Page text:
I need to replace the water inlet valve, but the current one is connected with copper tubing, and your video shows plastic tubing. Does the replacement valve assembly work with copper tubing? And if so, any tips for making a good connection?
Answer Hello Paul,
The only difference between the connection with a plastic tube and copper is the type of fitting used. The copper one uses a feral fitting. The fitting on the existing line can be reused if checked closely after installation is complete and water pressure is turned back on and no leaks are detected. Use of a paper towel is a common method for checking for leaks since the cold pipe may make it difficult to tell if it is wet or not. If there is even a drip present it is recommended to use a pipe cutter to cut off the end of the copper tube and put on a new nut and feral and tighten it fully. Remember that when the feral is tightened sufficiently, the edges of the new feral are bent into the copper line forming the seal. For this reason, the copper lines have to be tightened more than plastic or other flexible lines.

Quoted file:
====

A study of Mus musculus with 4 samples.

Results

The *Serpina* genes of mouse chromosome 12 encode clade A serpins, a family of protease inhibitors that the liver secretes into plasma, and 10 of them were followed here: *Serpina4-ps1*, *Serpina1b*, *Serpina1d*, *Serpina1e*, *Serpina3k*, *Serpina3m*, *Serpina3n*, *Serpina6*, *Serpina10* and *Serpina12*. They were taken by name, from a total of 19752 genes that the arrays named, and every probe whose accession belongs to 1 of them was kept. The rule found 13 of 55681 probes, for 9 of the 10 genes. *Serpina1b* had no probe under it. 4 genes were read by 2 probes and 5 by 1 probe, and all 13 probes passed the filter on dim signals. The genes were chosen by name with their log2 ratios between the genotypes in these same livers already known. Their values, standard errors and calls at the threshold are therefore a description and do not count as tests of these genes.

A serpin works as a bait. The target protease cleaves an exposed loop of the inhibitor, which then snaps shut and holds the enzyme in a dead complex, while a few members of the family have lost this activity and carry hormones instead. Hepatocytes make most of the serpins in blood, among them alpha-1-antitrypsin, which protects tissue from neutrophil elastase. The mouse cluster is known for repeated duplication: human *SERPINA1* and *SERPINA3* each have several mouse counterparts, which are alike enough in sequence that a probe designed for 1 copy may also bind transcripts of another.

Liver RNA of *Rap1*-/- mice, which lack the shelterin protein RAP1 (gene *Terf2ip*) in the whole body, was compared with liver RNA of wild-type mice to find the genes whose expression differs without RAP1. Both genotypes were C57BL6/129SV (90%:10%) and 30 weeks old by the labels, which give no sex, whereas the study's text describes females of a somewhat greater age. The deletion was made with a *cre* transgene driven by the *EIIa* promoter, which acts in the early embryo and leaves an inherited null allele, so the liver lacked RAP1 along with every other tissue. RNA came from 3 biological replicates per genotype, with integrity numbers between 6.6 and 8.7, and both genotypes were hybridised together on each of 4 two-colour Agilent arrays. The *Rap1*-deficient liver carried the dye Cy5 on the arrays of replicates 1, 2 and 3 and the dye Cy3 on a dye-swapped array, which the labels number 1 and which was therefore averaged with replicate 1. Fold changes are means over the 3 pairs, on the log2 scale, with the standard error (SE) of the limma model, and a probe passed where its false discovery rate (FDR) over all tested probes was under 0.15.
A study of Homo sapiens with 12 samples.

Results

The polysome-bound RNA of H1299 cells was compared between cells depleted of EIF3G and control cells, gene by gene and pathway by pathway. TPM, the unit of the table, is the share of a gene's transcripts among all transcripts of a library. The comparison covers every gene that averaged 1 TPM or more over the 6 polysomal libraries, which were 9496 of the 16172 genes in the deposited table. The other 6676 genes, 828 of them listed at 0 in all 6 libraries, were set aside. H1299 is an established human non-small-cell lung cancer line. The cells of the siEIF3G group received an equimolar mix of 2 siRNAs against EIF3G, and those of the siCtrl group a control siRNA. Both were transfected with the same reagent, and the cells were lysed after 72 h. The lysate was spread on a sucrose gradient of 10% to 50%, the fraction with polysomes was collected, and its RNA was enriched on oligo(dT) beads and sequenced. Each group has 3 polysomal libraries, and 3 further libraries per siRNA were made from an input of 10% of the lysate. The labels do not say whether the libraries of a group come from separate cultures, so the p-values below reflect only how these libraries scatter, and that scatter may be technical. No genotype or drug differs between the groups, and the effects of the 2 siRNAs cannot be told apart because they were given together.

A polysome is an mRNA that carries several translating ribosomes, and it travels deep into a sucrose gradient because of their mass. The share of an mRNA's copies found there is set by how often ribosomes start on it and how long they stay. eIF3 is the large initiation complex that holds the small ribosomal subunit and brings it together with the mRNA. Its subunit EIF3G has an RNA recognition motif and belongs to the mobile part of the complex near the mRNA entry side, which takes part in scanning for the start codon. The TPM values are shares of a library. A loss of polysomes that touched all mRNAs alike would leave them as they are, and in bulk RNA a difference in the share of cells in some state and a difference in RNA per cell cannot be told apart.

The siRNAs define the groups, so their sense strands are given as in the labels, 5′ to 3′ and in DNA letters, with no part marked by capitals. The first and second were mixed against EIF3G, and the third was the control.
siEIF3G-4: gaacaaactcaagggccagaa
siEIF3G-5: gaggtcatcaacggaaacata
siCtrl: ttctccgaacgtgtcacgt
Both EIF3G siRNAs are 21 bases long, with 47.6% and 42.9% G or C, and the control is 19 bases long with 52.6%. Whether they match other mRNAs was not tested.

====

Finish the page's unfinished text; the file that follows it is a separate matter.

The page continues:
Can the water inlet valve be taken apart and cleaned? Can the tube to the ice maker be pulled out and pushed back in at this valve? It seems that the valve is not fully shutting off because I find an ice column from a slow drip from the bottom of the ice maker to the ice cubes below. If I break it off twice a day it works fine but if I don't, I get a block of ice in the tray.
Answer Hello Jay,
The water valve cannot be taken apart and re-assembled. If you do this, it will have an external leak that cannot be repaired. The water valve will have to be replaced. The only thing that can cause the valve to not fully close is low water pressure since the water pressure closes the valve, or a bad water valve, (fouled by sedimentation and/or mineral deposits from the water supply). The water line is removed by pushing it into the valve hard and holding the ring around the water line in toward the valve. While holding the ring toward the valve, pull the water line out of the valve. This is called a John Guess fitting. The line is re-installed by pushing it into the valve until it bottoms. Pushing it a bit harder will make the line bottom again. Pulling on the water line at this point seats the seal. As a note, if there is a dip around the water line, it has to be cut off squarely, (about 1/4 of an inch), to prevent a leak since this is where the seal seats. Replacing this valve will correct the issue of the ice column.